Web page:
Chris Louttit

His research focuses on Victorian fiction and its afterlives exploring two unifying themes: the relationship between fiction and popular culture from the Victorian period to the present day, and the interaction of Victorian literature with other media, especially illustrations and film and television adaptations.

His interdisciplinary focus extends into adaptation studies, history of the book and neo-Victorian studies, and his work has appeared in journals such as Adaptation, Book History, Dickens Quarterly, Gothic Studies, Neo-Victorian Studies, Philological Quarterly and Women’s Writing.

Prof. Louttit will discuss Seeing the Nineteenth-Century Novel through New Eyes: Digital Adaptations of the Classics for the Gen Z Audience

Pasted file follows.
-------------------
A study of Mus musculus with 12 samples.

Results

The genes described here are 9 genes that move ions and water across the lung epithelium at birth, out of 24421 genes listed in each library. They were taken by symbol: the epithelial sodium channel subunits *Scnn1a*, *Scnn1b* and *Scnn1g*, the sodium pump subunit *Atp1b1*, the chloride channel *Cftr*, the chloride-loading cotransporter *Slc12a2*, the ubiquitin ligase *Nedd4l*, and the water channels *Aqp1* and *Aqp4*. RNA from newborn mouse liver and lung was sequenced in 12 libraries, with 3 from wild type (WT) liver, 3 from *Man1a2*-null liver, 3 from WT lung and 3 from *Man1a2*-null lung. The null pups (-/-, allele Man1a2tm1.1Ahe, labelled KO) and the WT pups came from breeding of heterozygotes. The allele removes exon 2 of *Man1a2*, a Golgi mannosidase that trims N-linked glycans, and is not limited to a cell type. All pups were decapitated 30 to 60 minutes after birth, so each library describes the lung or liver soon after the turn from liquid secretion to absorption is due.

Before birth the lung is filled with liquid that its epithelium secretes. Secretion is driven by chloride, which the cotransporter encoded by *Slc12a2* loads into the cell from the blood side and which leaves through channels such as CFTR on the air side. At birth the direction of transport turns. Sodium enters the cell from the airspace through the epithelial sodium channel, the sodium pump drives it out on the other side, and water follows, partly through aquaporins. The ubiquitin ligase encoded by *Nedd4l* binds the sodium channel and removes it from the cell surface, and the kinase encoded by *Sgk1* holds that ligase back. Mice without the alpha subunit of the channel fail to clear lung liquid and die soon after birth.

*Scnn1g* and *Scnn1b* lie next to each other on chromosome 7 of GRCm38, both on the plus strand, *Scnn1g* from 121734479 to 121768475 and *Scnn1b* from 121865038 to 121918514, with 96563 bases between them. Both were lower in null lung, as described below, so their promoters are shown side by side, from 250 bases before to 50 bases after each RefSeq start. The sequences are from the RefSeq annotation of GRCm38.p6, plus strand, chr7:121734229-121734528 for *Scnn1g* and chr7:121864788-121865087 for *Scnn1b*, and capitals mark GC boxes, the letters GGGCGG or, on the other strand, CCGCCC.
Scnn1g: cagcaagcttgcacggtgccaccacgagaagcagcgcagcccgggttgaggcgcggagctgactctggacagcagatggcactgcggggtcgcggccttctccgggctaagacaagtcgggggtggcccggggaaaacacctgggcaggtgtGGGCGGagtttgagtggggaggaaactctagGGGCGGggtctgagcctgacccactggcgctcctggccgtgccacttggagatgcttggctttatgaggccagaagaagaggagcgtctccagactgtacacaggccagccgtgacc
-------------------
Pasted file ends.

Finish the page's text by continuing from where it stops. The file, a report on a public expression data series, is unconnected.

Web series adaptations of the classics, especially Shakespeare and Austen, have been a familiar part of digital culture since the watershed appearance of The Lizzie Bennet Diaries (2012-13). Adaptation critics have paid particular attention thus far to relatively high-profile Austen and Shakespeare vlog adaptations, especially the glossy Pemberley Digital productions, with this strand of scholarship culminating in Jennifer Camden and Kate Faber Oestrich’s Transmedia Storytelling: Pemberley Digital’s Adaptations of Jane Austen and Mary Shelley (2018). Much less attention has been paid, however, to later waves of low-budget creativity that have taken the genre in new directions since those peak, early years of the literary-inspired web series. In the post-2016 phase of this digital phenomenon, adapters have focused in particular on nineteenth-century multi-plot novels. My lecture will provide contextualised analysis of a range of these engagements with Victorian fiction, focusing especially on Maggie Hale’s Corner (2017) and Public History—A David Copperfield Web Series (2019-20) and paying more selective attention to Away from It All (2016-17) and Middlemarch: The Series (2017). These adaptations, I argue, provide us with fascinating evidence of an adaptation community at work which retells these nineteenth-century classics from a perspective that foregrounds LGBTQIA+ experience.